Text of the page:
As families use their above-ground pools this summer, the risk of serious injury and drowning begins to increase.
1. Shallower doesn’t mean safer
Just because your child can stand up in an above ground pool doesn’t mean parents can turn their backs on them. A child can drown in as little as six inches of water if submerged.
2. No jumping or diving
Above ground pools are shallow, no more than four feet deep, and not deep enough to prevent injury to the feet, ankles and legs (jumping) or head and neck (diving). Do not push other children inside or jump on others in the pool. In the event of an accident, watch for numbness or vomiting, which may indicate neurological trauma and be a real emergency.
3. Ladder Safety
Most above ground pools require a ladder to get in and out of, and they can get slippery and cause injury. Just like there’s no running around a pool, there’s no rushing a ladder.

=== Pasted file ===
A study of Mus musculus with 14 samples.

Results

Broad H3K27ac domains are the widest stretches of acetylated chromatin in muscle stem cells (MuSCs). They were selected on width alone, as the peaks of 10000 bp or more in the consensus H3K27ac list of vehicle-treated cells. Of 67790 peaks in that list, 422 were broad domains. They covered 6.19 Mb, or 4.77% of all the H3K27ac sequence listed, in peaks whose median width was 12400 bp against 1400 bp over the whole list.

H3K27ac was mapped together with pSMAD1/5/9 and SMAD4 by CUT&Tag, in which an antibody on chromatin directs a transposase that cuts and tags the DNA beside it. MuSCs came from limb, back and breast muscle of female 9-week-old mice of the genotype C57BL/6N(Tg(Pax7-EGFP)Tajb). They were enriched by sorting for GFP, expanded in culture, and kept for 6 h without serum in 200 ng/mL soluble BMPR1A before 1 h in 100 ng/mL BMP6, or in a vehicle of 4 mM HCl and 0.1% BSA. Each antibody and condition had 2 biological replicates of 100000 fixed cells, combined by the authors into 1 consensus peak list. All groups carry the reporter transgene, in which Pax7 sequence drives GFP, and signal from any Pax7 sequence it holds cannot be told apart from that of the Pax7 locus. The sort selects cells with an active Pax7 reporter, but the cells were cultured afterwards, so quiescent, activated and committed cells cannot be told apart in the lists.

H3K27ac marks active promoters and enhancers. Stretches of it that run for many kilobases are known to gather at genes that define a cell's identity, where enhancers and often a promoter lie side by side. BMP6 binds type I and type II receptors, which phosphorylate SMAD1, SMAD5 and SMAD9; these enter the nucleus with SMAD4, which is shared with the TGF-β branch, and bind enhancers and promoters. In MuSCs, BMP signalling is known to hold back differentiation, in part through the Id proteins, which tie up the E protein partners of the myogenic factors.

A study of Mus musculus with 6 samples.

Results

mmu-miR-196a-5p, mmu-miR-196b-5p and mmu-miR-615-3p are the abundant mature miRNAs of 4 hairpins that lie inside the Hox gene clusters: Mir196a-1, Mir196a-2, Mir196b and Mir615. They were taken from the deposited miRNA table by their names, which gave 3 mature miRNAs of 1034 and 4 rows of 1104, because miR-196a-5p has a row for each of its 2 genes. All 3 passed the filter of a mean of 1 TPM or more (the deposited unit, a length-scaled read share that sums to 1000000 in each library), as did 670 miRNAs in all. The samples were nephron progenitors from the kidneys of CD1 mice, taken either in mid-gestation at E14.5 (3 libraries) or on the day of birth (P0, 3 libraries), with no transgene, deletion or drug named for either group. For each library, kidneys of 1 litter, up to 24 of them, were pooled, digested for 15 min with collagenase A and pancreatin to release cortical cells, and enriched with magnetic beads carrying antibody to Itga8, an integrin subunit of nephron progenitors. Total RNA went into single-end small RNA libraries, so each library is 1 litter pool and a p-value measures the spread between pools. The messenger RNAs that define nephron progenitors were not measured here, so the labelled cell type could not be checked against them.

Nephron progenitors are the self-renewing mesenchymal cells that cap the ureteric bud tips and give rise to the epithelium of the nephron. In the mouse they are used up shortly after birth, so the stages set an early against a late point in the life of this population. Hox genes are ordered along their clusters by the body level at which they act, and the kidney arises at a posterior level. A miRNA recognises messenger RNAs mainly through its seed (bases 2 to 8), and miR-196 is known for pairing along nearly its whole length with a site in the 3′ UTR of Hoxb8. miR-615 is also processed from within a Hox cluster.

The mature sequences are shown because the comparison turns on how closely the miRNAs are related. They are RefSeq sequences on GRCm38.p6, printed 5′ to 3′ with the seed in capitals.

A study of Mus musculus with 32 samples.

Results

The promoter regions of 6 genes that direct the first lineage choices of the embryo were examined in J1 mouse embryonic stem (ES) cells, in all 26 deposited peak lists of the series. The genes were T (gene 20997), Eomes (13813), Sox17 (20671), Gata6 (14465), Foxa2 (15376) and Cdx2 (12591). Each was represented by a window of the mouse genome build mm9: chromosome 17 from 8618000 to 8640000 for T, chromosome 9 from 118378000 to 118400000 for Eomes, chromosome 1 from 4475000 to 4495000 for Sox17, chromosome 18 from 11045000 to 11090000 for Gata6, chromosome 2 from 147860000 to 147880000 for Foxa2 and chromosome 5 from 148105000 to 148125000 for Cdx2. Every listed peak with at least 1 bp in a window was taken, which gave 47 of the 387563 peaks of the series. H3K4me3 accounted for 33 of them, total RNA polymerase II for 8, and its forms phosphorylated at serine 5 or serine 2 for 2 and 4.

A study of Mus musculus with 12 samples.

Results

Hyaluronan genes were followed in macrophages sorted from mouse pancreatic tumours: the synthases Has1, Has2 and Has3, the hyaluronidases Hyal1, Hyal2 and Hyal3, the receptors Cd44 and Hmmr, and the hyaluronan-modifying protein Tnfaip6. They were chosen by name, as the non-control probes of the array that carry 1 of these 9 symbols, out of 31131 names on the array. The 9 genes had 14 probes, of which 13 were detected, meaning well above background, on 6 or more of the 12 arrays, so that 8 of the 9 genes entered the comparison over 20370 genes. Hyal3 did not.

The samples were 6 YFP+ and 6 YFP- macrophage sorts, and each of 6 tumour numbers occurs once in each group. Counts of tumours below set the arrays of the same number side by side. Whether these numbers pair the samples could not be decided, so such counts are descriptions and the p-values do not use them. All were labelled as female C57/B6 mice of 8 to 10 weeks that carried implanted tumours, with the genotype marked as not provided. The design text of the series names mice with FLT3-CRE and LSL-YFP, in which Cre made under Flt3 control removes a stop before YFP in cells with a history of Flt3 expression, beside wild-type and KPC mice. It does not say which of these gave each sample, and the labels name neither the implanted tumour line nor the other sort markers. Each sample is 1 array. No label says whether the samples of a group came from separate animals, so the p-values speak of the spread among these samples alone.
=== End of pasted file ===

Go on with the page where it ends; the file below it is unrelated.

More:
4. Personal floatation devices
5. No food or chewing gum while swimming
It goes without saying, but everything in your mouth while swimming (except your teeth and tongue) is a choking hazard.
In addition, these are the three myths that must be “busted” every summer:
1. “Dry drowning” is not real and children who “swallow water” while swimming do not need to be monitored for days on end for signs of respiratory distress. Instead, parents should check for rapid breathing or an inability to speak in full sentences immediately after the event. If there are no respiratory symptoms or cough about 4 hours after a watering episode, a water-related respiratory problem is unlikely to occur.
2. Waiting 45 minutes after eating before getting back into the water is a total myth.
3. Clear pool water means it is safe. Fake. Germs can still exist in clear pool water, so the water should be sampled and tested regularly to ensure the chemicals are properly balanced.